Rochefort in the department of Charente-Maritime, Nouvelle-Aquitaine (formerly Poitou-Charentes) is a naval town with lots for visitors to see and do.
The Arsenal Quarter
Louis XIV’s former Royal Dockyards along the River Charente are vast. Created in the 1660s, over the next three centuries, 550 ships were built, rigged and launched from these docks. The King commanded that he required it to be the “largest and most beautiful arsenal in the kingdom”. He got what he wanted. Today the area is an incredible heritage site with museums, mills and traces of historic shipbuilding activity. It’s a great place to cycle with lot of picturesque routes. You can hire a bike and pick up a circuits leaflet from Rochefort tourist office.
Hermione replica ship
The first Hermione was a frigate launched in 1779. She carried General Lafayette to America where he fought in the American Revolutionary War on the side of the Americans and became a hero. The ship was wrecked four years later, but in 1997 members of the Centre International de la Mer began a mammoth project to build a replica Hermione. 17 years in the making she was completed in 2015 and followed in the path of her namesake, undertaking a historic journey to America (above photo, setting off from the French shores). She is now docked in Rochefort and you can climb aboard to admire the incredible workmanship which brought a 17th century ship to life in the 21st century.
The centrepiece of Louis XIV’s Dockyards was the rope factory. It was absolutely critical for the production of rigging for warships. With the tall sails, ropes had to be very long and so the corderie, rope shop, was built to cope with the need. At 374m long, it’s an impressive sight to this day. It’s now a fascinating museum which explains hemp cultivation and shows how those fibres were twisted into 200-metre lengths of rigging for 200 years up to the introduction of steel cables. You can also have a go at making rope yourself – I did and loved the experience!
Musée des Commerces d’Autrefois
In a 19th-century former warehouse, you’ll find the Museum of trades of yesteryear. There are 22 galleries which recreate the the ateliers and shop floors of trades of the past. Step into an old bicycle repair shop, milliners and cognac distillery. There are lovely vintage posters, and original artefacts of everyday appliances from between 1900 and the Second World War. The old bistro is particularly fun…
Rochefort-Martrou Transporter Bridge
The only surviving bridge of its kind in France, the unique Pont Transbordeur du Martrou, built in 1900 and now listed as a Monument Historique is an incredible heritage site. To this day it carries foot passengers and cyclists across the river Charente or a platform suspended on cables attached to a metal framework over the river. There’s an interpretation centre, Maison du Transbordeur, open from April to November. There you can discover all about the history of the bridge.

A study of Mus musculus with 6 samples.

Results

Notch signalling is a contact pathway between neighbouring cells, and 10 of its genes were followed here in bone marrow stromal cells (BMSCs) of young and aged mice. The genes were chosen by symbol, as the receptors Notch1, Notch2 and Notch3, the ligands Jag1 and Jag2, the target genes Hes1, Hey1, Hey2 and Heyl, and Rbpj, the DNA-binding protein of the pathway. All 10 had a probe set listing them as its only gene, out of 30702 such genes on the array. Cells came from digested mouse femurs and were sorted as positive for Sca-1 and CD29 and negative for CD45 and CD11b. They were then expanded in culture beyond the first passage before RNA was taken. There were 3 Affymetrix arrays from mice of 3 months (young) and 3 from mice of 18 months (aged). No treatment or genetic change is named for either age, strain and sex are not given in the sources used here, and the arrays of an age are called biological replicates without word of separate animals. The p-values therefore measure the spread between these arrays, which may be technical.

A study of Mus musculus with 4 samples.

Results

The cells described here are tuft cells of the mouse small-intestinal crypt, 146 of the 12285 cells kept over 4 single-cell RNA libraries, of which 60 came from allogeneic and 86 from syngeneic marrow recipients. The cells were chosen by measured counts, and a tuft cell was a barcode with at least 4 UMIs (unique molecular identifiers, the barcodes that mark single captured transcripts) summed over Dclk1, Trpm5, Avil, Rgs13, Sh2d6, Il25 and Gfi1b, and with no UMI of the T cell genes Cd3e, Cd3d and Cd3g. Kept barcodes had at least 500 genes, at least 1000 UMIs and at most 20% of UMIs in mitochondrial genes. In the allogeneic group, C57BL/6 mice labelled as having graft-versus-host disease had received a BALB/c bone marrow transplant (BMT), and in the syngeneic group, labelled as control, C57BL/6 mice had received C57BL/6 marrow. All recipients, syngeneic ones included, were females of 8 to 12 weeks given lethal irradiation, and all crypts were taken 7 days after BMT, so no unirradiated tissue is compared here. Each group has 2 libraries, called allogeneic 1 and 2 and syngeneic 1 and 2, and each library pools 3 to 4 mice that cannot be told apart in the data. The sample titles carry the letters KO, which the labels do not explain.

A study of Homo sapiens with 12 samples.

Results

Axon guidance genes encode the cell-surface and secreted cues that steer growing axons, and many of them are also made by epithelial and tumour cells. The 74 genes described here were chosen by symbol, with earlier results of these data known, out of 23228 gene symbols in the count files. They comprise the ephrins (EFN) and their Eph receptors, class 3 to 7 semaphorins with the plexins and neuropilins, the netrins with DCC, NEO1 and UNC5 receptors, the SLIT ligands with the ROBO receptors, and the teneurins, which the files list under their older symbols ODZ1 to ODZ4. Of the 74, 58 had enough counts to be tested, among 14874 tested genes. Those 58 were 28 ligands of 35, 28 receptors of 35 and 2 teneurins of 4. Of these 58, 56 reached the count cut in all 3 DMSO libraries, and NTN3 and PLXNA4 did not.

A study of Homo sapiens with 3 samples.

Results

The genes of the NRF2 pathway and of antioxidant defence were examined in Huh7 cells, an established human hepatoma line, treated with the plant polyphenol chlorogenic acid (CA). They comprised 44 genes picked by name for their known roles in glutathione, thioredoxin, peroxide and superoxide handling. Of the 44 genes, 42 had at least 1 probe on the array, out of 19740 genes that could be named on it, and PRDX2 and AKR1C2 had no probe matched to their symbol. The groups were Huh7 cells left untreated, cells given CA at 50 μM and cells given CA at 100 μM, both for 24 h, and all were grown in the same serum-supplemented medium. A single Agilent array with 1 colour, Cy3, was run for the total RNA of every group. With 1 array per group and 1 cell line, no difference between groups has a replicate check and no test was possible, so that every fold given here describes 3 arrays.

Musée de l’Aeronautique Navale
The largest museum in France dedicated solely to naval aviation. On the site of the Air Force, the hangar is home to 33 aircraft, including a rare Dewoitine D.520 from the Second World War and the flying banana helicopter. You’ll also find 1500 models on show, from zeppelins to stealth jets and World War II-era rocket planes.
Jardin des Retours
In the grounds of the Corderie Royale, a 17th century park has been with maritime themes in a series of gardens. One of the most spectacular is the Jardin de la Galissonnière, named in honour of Jean de la Galissonnière who first brought magnolia tree seeds to Europe from the Americas in 1711.
Musée National de la Marine
Part of France’s National Maritime Museum, with sites around the country, discover model boats, including the Dauphin Royal, an instructional model measuring 4.80 metres in length, as well as other naval memorabilia including navigation instruments as well as art and sculpture.
This is the place to go to satisfy any curiosity for France’s naval history, this museum is a compendium of model ships, sketches, glorious figureheads, maps, navigation instruments and other maritime artefacts.
Musée National de l’Ancienne Ecole de Medecine Navale
Included in the ticket for the Naval Museum is entry to an exhibition medicine on the high seas the school of naval medicine in Rochefort was founded in 1722, the first in the world. It’s a fascinating and at times gory collection that includes 2,500 books and encyclopaedia’s, bottles of herbs gathered from around the world, antique medical instruments and specimens of human tissue.
The town of Rochefort
Take a wander through the town of Rochefort. It’s a 17th century version of a “new town” built by Louis XIV’s minister, Colbert. Grand avenues, elegant houses and plenty of charm. Head to the central Place Colbert which is charming as well as a great place to take a break and enjoy coffee with a spot of people watching. Nearby the Rue Courbet is little changed from the 17th century with its cobblestones brought from Canada as ships’ ballast.
Visit the house of the novelist Julian Viaud who wrote under the pen name of Pierre Loti. A naval officer, he wrote numerous best-selling romances set in Oriental locations. From outside the house looks fairly bourgeois. But inside, it’s rather more exotic including a medieval themed banqueting hall complete with a Gothic fireplace and Gobelin tapestries. The house is undergoing major renovation and visits may be restricted but you can see some of Loti’s collection from his travels at Musée Hèbre, avenue du General de Gaulle.